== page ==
Clair de Lune by Jetta Carleton
Author: Jetta Carleton
Genre: Fiction (Southern US / 1940s / Male-Female Friendships / Ozarks / WWII / College Life)
Publisher/Publication Date: Harper Perennial (3/6/2012)
Source: TLC Book Tours
Did I finish?: In less than four hours
One-sentence summary: A young woman becomes a college teacher in 1940s Missouri where she befriends two of her students and learns some bitter lessons of her own.
Reading Challenges: A-to-Z Books
Do I like the cover?: I love it -- I think it's super pretty. I don't think it wholly fits the novel, though.
I'm reminded of...: Alan Bennett, Melanie Benjamin, Ellen Feldman
First line: Allen Liles is a fictional character.
Does... my copy have extensive tabbing and bookmarks of fantastic passages and quotes?: YES. The language is just so...it's pragmatic and pretty at the same time. Nothing fancy, but moving. Writing for language lovers!
Am... I kind of obsessed with Jetta Carelton now?: YES. I want to read The Moonflower Vine and learn more about her
Buy, Borrow, or Avoid?: Buy or borrow -- a delightful, moving read!
Why did I get this book?: The cover and the 1904s setting.
Review: Bittersweet. That's the lingering taste of this book, rich and redolent, and when I finished, I kind of wanted to spend the rest of my Sunday in a Claire de Lune-stupor, rereading the lovely passages and wallowing in the satisfyingly sad/happy mood of the novel.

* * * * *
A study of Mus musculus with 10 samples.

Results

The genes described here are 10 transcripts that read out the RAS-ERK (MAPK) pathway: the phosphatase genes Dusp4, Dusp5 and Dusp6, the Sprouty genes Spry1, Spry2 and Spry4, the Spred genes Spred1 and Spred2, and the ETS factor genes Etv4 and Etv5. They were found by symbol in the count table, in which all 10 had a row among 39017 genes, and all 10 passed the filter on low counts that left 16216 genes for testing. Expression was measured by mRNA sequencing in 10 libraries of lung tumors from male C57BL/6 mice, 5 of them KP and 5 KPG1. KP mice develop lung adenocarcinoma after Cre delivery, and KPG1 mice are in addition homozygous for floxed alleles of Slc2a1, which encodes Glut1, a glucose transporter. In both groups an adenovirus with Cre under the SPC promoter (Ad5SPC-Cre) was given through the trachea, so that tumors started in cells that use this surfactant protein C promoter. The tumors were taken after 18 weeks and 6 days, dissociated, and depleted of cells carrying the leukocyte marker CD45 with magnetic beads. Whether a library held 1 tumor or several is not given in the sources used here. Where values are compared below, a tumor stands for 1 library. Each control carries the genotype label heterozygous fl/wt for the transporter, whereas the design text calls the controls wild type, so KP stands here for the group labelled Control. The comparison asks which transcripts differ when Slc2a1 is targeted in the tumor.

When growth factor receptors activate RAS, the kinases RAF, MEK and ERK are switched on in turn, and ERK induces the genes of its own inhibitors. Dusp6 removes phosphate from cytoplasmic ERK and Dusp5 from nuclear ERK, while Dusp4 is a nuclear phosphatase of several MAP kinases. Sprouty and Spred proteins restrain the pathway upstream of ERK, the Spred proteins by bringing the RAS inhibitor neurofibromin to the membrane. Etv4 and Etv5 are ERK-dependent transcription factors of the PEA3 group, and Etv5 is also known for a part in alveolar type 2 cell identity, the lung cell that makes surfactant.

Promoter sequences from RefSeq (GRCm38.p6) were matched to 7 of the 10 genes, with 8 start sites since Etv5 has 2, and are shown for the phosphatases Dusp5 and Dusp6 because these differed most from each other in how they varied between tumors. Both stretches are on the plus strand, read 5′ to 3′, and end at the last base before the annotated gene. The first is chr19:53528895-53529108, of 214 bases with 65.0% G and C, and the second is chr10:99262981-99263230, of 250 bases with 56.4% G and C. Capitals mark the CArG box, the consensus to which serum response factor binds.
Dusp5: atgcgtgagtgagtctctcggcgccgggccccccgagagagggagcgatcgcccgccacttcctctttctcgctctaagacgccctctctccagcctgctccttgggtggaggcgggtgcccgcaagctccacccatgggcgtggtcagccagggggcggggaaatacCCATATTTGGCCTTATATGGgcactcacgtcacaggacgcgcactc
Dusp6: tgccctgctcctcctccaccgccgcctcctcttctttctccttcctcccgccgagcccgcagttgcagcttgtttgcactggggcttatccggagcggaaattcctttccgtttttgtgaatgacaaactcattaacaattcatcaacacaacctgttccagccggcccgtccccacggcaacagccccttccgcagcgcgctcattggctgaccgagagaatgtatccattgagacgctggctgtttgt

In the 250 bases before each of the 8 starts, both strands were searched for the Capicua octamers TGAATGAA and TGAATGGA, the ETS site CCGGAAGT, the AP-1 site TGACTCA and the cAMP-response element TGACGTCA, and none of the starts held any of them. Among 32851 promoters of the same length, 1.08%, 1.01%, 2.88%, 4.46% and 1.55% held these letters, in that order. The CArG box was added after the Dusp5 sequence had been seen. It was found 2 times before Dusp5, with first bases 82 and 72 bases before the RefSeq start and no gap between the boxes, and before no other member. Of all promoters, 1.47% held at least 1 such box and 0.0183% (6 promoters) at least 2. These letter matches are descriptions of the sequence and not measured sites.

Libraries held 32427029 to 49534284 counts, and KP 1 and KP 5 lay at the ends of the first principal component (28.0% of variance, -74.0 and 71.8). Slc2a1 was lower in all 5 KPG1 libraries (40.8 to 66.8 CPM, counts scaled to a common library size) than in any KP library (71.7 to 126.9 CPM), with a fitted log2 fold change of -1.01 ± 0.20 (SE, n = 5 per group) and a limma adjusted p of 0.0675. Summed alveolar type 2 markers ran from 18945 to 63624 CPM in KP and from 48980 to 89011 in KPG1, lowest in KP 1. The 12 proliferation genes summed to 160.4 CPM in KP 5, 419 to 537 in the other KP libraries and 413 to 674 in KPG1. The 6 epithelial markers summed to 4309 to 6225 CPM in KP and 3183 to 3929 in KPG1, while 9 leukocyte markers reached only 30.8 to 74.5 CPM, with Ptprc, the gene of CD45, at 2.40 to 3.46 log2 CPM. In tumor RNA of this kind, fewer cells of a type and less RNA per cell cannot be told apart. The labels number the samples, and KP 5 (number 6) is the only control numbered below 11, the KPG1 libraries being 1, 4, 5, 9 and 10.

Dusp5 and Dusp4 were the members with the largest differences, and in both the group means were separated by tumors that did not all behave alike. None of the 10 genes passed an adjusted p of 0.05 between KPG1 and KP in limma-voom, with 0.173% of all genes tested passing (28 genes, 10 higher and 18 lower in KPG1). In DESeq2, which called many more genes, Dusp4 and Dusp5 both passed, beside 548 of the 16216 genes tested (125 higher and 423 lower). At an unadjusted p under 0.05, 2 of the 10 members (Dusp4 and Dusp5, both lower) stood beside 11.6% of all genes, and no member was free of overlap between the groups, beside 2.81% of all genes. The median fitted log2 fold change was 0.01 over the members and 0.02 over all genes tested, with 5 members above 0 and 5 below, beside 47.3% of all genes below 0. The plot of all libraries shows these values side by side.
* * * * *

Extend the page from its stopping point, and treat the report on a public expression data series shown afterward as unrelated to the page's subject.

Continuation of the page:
Hope, optimism, and innocence are themes of this book, along with passion, delight in literature, and the joy of finding kindred souls. Barbara Allen Liles -- called Allen -- becomes a teacher at a junior college in an unnamed town in southwestern Missouri. ("It is an orderly town, bred of the mines, nurtured by agriculture and some manufacture, a blend of Southern gentility and Western enterprise, firmly set in the conservatism of Middle America.", p3) A lonely young woman with aspirations of becoming a poet or novelist in Greenwich Village, Allen finds herself captivated, enamored of, and charmed by two of her students, George and Toby. Surrounded by the shadow of the war in Europe, Allen's constrained life as a teachers seems somewhat bearable with George and Toby in her life.
I really expected a basic love triangle with this story, but Carleton sets up something even more challenging to navigate through: male-female friendship and teacher-student relationships. In an era when women were held up to a different standard than men, Allen's actions are judged without interest or concern in her feelings or motivations. Her colleagues and acquaintances see and expect one thing from Allen, who has the mantle of 'teacher', and with that, some perception of power. It was fascinating, frustrating, and heartbreaking to read -- I so empathize and liked Allen -- and made even more nuanced by the fact that there isn't a clear and handy villain in all this.
I don't know if this is a historical novel; while set in 1941, I don't know when Carleton wrote this novel. It was recently discovered and published by Harper Perennial, and will include their P.S. section with interviews, 'insights', and more.
This is a skinny novel -- just about 300 pages -- and it can read fast or slow, depending on whether you have the patience to linger or (like me) rush through to the giddy, glorious, delicious end. I think fans of WWII novels will enjoy this not-quite-war novel, and anyone who enjoys a good heroine and ambiguous moral situations will find much to chew on in this book.